25 June 2017. I was patiently queueing between dozens of impatient tourists, yearning for their long-awaited holidays and hustling to the check-in of Brussels South Charleroi Airport. Beyond the check-in, no holidays were waiting for me, though. I was off to Thessaloniki, for an adventure of a very different nature.
Since 2009, one mobile school operates in Thessaloniki, shared between two committed organisations, ARSIS and PRAKSIS. Due to geopolitical shifts in and around Greece, the target groups of the mobile school continue to grow. Hence it was decided to establish a second mobile school, focusing on Roma-communities and facilities for refugees. Mobile school colleague Bram and myself went out to train and coach the street workers for the new implementation. This means immersing the local teams in the principles of self-esteem and the importance of creativity in dealing with street children. The main goal of these interventions is to collaborate intensively with the newly formed teams, on and behind the scenes. We immerse them in all that’s needed to run the mobile school from day to day for the benefit of the most vulnerable target groups.
Having said this, there’s much more to it than meets the eye. Committing to such an expedition is often quite a stretch. You get off the beaten track, have to overcome many obstacles and you evolve in a challenging context. The difficult working conditions are rarely a blessing and the misery can sometimes be exhausting. Listening to people’s personal stories crossing the Mediterranean in shaky rafts only 3 months earlier, puts a human face on an issue that’s still debated and judged in often too generic terms. That results in confusing emotions, and many bottle necks that are hard to overcome. Paradoxically, these experiences are incredibly valuable.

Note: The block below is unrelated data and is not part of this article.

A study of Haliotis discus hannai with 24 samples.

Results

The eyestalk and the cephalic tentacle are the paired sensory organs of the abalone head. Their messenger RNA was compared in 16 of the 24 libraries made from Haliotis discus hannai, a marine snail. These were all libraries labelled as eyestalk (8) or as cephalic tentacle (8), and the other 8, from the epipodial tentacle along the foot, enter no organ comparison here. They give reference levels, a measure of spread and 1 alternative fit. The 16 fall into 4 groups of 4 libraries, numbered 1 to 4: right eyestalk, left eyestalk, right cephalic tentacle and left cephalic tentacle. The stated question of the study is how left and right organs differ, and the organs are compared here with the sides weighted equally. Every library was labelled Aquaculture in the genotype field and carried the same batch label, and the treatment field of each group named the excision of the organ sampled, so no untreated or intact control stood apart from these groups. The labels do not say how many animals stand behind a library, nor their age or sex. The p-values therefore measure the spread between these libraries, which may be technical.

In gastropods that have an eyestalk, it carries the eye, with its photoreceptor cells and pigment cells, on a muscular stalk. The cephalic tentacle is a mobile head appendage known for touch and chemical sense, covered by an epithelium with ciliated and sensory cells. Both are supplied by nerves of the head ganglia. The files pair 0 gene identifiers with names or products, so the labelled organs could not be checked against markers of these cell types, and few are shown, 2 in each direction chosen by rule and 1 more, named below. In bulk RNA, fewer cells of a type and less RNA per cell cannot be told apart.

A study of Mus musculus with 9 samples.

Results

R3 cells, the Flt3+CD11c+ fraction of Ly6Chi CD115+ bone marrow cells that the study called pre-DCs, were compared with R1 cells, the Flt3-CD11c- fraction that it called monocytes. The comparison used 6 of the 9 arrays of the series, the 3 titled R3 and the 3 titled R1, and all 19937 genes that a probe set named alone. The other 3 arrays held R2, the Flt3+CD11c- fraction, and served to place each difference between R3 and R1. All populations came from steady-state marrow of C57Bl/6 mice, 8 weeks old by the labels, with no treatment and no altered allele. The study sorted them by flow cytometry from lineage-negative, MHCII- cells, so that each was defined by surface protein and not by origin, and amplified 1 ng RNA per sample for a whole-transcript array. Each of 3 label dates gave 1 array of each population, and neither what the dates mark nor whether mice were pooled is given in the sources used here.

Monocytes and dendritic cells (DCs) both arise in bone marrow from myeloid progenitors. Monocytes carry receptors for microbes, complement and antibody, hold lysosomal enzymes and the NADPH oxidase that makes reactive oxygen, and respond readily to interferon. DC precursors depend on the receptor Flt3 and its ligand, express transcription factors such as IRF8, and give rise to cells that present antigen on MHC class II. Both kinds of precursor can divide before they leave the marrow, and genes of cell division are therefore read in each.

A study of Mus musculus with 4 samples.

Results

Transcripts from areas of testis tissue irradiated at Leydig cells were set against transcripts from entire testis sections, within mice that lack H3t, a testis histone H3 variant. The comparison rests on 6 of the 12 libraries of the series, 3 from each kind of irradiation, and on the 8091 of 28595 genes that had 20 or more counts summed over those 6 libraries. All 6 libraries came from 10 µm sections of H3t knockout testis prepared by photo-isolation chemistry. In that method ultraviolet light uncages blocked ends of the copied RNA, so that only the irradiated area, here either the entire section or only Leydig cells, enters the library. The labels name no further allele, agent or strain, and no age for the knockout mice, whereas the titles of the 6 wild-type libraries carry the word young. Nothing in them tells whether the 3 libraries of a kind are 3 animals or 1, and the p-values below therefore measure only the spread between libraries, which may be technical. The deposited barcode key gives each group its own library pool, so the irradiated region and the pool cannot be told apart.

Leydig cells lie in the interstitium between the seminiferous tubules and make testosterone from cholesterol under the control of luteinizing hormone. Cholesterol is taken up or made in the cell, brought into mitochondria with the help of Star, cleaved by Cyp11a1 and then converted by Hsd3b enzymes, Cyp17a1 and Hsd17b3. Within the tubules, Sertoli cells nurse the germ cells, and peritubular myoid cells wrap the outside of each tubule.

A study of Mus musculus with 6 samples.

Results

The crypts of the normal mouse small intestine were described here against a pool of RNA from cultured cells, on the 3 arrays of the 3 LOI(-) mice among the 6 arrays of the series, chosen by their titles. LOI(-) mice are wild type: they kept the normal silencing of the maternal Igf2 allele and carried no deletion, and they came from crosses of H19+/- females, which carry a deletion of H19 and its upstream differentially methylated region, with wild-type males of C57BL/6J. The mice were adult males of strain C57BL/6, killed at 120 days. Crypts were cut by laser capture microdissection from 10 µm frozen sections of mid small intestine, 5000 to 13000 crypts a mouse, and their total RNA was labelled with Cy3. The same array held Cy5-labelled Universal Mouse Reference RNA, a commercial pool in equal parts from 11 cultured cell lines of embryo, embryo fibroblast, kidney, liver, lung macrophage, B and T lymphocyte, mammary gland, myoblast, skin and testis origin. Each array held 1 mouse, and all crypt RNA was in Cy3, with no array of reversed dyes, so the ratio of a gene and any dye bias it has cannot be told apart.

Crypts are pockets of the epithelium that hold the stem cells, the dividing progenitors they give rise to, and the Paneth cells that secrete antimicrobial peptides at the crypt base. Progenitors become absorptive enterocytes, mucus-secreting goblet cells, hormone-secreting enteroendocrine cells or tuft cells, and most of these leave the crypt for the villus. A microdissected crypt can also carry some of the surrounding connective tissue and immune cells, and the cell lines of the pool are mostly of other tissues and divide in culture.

The Mobile School Expeditions are some sort of therapy to me indeed. Most of the year, I seemingly wander from workshop to workshop, and sometimes you loose the perspective. It’s hard not to get entangled with your day-to-day commitments and to avoid black-and-white thinking. Entering a different world, ruled by different laws and prevailed by different leaders, opens your eyes. You get a look over shoulders bearing very different weights than yours, and you are challenged to think about problems that you wouldn’t ever have imagined crossing your path. Hence, once you are back, you look at your own story with a fresh and different mind.
My choice to become Master Trainer was very conscious. It challenges me to change my pespective, to leave the well-trodden paths and to overcome personal obstacles – sometimes because I just feel like it, but also because I am convinced that everyone can use a healthy dose of “expedition” every now and again. That might mean getting a rehab from the workshop-blues in Greece, but it can also mean something totally different. A healthy stretch of the mind every now and then keeps you on the ball.